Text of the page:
There were some indications at practice Friday at Southpointe that there could be lineup changes for the Penguins in Game 5 tonight against the Columbus Blue Jackets at Consol Energy Center.
Marcel Goc, who has been out since injuring an ankle March 27, centered the fourth line with wingers Tanner Glass and Craig Adams, an indication he could be ready to return.
“I feel good. We’ll see if Coach puts me in or not,” said Goc, who was acquired from Florida at the March 5 trade deadline.
Joe Vitale shifted from fourth-line center to right wing on the third line with Beau Bennett and Brandon Sutter.
Early in practice, there were some tweaks to the defensive pairings. While Brooks Orpik and Paul Martin remained together, Rob Scuderi was with Matt Niskanen, and Olli Maatta was with Kris Letang. Those last two pairings are a switch from what the Penguins mostly have used lately, although there has been some in-game shuffling since this first-round series started.
Things got more mixed when Orpik left practice early. Orpik was not available for comment, and Bylsma declined to address Orpik’s reason for leaving or status.
Winger Brian Gibbons, who was playing on the top line before he left Game 2 because of an apparent shoulder injury, skated before practice, then returned to the ice with his teammates. He did not participate on one of the top four lines during line rushes.
More about Fleury’s play
Scuderi and Letang were the defensemen on the ice in the final minute of regulation in Game 4 Wednesday when Penguins goaltender Marc-Andre Fleury went behind his net to play a puck that had been rimmed around by the Blue Jackets. The puck bounced over Fleury’s stick, leading to a tying goal in what became a 4-3 overtime loss.
Although Bylsma said Thursday that leaving the crease was the wrong play for Fleury because the puck skimmed along the glass, not along the boards, Scuderi and Letang were expecting that play.
“Usually, you hope for your goalie to come out and at least give you some help,” Scuderi said. “I don’t think it was pretty bouncy until after it hit off the stanchion on the glass. At that point, he’s already out of the net. It stinks. Sometimes, that’s just the way it bounces.”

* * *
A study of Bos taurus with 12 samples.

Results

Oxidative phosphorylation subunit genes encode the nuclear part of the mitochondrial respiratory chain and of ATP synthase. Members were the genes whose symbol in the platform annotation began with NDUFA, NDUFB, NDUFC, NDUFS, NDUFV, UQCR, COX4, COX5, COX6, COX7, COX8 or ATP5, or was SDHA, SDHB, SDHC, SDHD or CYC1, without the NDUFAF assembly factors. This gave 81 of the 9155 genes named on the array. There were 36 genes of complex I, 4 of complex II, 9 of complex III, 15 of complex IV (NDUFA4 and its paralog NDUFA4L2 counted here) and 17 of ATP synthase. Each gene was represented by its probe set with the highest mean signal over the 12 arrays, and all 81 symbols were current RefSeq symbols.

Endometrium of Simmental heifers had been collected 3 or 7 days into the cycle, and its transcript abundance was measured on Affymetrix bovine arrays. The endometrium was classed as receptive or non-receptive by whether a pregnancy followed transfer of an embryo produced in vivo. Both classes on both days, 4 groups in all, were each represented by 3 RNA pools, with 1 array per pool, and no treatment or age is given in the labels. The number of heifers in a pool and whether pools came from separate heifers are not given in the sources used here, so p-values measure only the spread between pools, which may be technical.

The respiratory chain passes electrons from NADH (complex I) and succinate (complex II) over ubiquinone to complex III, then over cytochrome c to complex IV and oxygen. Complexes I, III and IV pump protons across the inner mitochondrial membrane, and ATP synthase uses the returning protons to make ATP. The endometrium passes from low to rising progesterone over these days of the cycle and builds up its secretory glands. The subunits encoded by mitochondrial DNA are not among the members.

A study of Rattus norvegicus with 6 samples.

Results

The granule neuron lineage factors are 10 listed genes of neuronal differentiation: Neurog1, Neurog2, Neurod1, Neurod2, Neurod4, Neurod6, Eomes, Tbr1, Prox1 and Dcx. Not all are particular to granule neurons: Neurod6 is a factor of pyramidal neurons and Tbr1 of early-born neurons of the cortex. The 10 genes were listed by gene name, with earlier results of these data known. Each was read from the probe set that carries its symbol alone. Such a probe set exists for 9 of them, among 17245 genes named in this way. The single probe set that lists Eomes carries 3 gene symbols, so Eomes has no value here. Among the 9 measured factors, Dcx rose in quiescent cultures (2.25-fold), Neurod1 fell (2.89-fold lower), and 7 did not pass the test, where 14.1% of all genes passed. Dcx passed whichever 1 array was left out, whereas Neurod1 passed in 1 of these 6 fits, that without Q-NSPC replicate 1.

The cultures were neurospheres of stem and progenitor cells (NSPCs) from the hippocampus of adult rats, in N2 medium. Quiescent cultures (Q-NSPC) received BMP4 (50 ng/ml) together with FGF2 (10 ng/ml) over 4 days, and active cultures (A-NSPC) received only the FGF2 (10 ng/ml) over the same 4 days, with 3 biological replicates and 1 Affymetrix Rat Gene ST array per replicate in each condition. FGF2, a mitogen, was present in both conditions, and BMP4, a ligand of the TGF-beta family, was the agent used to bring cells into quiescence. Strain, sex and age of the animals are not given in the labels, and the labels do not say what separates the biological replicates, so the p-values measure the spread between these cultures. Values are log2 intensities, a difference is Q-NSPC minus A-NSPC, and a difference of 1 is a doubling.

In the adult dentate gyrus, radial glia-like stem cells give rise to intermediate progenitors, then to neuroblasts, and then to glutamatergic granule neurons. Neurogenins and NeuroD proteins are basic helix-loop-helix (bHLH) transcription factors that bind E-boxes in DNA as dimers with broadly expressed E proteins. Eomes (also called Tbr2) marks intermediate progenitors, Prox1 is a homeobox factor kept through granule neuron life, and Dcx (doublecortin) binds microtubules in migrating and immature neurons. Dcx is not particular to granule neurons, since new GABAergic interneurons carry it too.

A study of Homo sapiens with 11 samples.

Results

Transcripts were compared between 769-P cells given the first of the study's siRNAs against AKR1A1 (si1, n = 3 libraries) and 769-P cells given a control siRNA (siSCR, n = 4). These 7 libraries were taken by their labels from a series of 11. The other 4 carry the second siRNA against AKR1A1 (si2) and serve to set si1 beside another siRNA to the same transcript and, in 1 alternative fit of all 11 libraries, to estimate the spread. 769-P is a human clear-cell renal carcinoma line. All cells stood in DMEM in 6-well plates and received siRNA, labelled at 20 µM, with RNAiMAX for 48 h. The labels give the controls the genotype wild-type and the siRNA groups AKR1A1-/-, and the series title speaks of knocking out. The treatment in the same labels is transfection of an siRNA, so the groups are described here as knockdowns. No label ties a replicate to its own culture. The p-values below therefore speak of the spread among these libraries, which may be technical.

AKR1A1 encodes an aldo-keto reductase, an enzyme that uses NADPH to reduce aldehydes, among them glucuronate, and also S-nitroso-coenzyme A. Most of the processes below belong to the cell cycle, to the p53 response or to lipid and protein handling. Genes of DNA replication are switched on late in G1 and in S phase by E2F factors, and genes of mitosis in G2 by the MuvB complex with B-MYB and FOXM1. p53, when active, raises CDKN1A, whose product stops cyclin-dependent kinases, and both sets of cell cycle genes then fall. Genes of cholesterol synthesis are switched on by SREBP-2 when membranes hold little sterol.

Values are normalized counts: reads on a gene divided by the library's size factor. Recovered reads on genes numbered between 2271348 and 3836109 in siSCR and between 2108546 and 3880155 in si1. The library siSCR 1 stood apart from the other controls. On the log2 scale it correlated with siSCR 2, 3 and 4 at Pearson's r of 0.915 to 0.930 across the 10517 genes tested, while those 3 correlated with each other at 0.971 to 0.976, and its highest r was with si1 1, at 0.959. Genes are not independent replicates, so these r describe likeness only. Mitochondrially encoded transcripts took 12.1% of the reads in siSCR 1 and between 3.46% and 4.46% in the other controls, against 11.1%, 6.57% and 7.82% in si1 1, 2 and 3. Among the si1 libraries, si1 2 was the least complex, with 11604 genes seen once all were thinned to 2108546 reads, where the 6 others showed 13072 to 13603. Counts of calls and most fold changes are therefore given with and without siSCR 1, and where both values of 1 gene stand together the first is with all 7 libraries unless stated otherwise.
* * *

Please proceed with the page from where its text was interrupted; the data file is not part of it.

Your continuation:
Letang said something similar can happen to any player and that he was comfortable with whichever way Fleury would have chosen to act on the play.
“It’s standard,” he said of a goalie playing the puck behind the net. “It’s a decision. On the ice, you [make] a decision, and you have to live with it. He felt comfortable going there. It’s his play. I have to respect him for doing that. Often [when] he’s playing the puck, he’s saving me from getting hit. He makes plays.
“It’s a bad bounce. I’m sure he’ll bounce back from it. Nothing to worry about.”
Fleury said he didn’t act based on whether the puck was coming off the glass or the boards.
“I don’t think there’s a strict rule,” he said.
Hitting could take toll
Playing the body as often as possible has been an integral part of Columbus’ approach since the earliest shifts of Game 1.
Part of the rationale for being so physical is that it can wear down opponents over the course of a series.
So, while the Blue Jackets’ hitting doesn’t seem to have affected the Penguins to this point, it could become a factor over the next two or three games.
“As the series goes on, it can take a toll,” Penguins defenseman Paul Martin said. “Hitting has its ebbs and flows during a game.
“Sometimes, there’s more; sometimes, there’s less. [But] that’s their game plan, what they’re trying to do.”
Columbus defenseman Fedor Tyutin, who missed the past two games because of an unspecified injury from a hit by Vitale, was a full participant in Blue Jackets practice. … Columbus gave goaltender Sergei Bobrovsky and center Brandon Dubinsky the day off from practice. ... Before Friday, nine of the 31 playoffs games featured a team overcoming a multigoal deficit to win. That’s a record for the first round and surpasses the total for the full 2013 postseason. The Penguins and Blue Jackets account for four of those nine.
Shelly Anderson: firstname.lastname@example.org, 412-263-1721 and Twitter @pgshelly. Dave Molinari: email@example.com and Twitter @MolinariPG.